I wouldn’t go so far as to say that summer is my favorite season, but aesthetically, there’s something about it that strikes a strong chord in me. It might be that I grew up in perpetual summer in Southern California, or that I like swimming and reading (two favorite activities synonymous with my childhood summers). For whatever reason, it sticks with me. For the past four years I’ve put together a summer themed art show called Endless Summer and one of my most effective ways to gear up is to stare at images of bathing suits, juicy fruits, sun-bleached color tones, butts, pools, sandbars, coke cans, popsicles, flamingos, and palm trees, etc. So when the kids at Wandering Bears asked me to help out with their 500th post, I couldn’t think of anything more celebratory. I love emailing with photographers I admire and have gained new friendships contributing to WB. In that spirit, I emailed a few folks and asked them to tell me a little bit about the image I selected. Enjoy!
I used to live in a little compound of 10 bungalows off a busy street in Echo Park, Los Angeles. All our doors opened onto a tiny garden walkway, and if doors were left open, especially in the summer, then neighbors would just walk in and out. This was my neighbor Mona, who would wear whatever she wanted while hanging out in the walkway. It was definitely summertime if Mona was wearing this.
The photo was sort of a random thing. I went up to the Griffith Park Observatory for sunset and I saw this pretty old car parked up there for no apparent reason. There were a lot of people there that night, but nobody seemed interested in taking a picture of this car that was so perfectly placed in the foreground of the Los Angeles skyline. I think I lucked out with the time I went, the light was nice and soft and there weren’t any people in the frame. It was also strange that I had my camera with me, I don’t normally carry a camera around. It has a cinematic quality to it, I feel like it could be a still from a movie shot in LA in the 70’s.
This image is inspired by an image I took in 2010 outside of Mexico City. The street vendors have this amazing way of carving and presenting their watermelons on the side of the highway. I was never happy with that image, but the visual stuck with me and lead to the image you see here.
I was just sunny Sunday afternoon. My nieces bought these roller-skates a while before and it was good opportunity to try them out. This photos shows the process of putting them on and just having some fun.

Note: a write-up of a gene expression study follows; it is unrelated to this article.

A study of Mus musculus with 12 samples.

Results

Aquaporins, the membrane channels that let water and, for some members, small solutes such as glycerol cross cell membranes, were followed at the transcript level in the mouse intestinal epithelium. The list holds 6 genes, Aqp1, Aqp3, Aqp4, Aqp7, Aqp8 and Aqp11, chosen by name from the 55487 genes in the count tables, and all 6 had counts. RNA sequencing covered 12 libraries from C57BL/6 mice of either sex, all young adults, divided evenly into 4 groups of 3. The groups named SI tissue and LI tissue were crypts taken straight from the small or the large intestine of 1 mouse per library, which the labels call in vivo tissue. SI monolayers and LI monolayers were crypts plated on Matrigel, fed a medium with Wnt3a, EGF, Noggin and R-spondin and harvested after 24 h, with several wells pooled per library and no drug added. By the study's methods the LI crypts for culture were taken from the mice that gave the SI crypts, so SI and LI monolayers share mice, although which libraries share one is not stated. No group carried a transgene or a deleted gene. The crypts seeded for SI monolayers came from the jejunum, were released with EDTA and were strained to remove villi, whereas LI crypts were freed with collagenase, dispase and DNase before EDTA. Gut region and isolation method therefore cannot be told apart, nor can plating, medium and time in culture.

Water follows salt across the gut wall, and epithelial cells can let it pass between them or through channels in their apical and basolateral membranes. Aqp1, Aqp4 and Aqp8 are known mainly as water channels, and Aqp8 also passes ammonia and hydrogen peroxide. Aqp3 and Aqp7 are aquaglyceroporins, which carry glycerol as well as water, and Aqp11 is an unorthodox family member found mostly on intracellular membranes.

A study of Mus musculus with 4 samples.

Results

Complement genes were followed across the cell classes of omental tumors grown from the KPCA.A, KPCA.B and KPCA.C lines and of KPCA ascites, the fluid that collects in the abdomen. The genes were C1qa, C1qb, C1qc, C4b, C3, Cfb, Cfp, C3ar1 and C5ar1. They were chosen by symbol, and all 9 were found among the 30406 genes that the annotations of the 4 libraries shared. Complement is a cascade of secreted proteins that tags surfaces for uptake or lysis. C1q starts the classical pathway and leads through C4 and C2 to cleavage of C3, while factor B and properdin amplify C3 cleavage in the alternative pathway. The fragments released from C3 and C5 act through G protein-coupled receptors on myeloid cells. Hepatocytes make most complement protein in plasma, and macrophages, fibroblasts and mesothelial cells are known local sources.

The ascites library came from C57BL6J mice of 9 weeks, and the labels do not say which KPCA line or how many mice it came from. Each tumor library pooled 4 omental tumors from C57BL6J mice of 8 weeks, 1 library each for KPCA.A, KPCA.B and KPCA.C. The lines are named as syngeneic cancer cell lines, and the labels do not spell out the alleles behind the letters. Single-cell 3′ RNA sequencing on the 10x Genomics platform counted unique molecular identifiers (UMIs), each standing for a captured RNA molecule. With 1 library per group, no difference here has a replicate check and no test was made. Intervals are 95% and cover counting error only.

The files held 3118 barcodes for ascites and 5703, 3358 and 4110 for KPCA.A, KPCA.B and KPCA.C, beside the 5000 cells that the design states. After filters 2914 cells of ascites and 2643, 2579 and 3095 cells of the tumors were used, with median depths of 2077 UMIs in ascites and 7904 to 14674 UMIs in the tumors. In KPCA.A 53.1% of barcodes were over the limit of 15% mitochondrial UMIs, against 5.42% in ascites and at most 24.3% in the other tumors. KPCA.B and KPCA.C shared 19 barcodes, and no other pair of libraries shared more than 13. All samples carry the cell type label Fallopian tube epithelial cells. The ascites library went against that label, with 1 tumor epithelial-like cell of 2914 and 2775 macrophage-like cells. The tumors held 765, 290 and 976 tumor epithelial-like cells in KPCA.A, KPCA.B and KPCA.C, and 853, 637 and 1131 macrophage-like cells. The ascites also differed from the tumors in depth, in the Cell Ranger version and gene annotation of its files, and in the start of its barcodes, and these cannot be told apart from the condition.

This is an instant photo of a bouquet of peonies and lawn chair in my back yard. It’s part of a series that I was working on at the time (and still am, but I guess it’s on a bit of a hiatus) of pictures of flowers all dedicated to my friend Brent. Brent is absolutely in love with flowers in this very scientific way. He buys seeds over ebay or smuggles them into Canada whenever he can, and grows all sorts of plants in his apartment, to the point where he has no more room left for other things. At this point when I was working on the series, he was almost obsessed with this whole process. And I absolutely love his dedication for these really beautiful things. It’s a terrific compulsion, but a really beautiful thing through and through. It was inspiring, and made me want to follow suite in my own way, so I decided to make a series on flowers and dedicate them all to Brent. I like the idea of me giving another guy flowers — normally something considered to be romantic, but in this case, it’s rather about the niceness and beauty of the gesture and of the yield of Brent’s hobby. And so the eventual plan is to make a small publication of these flowers, which would be the counterpart to another book of super sexually and sentimentally charged photos of my girlfriend at the time of these flower pictures.
I was visiting Austin, Texas one weekend. Summer had come early. Living in Portland, Oregon, the sun had yet to really appear. I was hiding in the shade as I watched the pool. Everything lined up perfectly. Suzanne had covered her face to block the sun. It had unintentionally become one of my self-portraits.
This was shot at Pfiefget Big Sur State Park. We had been on the lookout for swimming holes on our camping trip and came across this amazingly clear river with the coldest freshest water. The place was pretty magical.
(From the author:) I picked this image because it reminds me of summer camp and being young. It reminds me of a summer that started with the last day of school and ended with back to school shopping. I think of the chlorine smell of swim lessons, getting our first puppy, and feeling homesick. I also love the lighting – it feels like late summer here when the sun hangs lower and the air gets thicker. I can feel that all here in this image and in the expression of this girls face.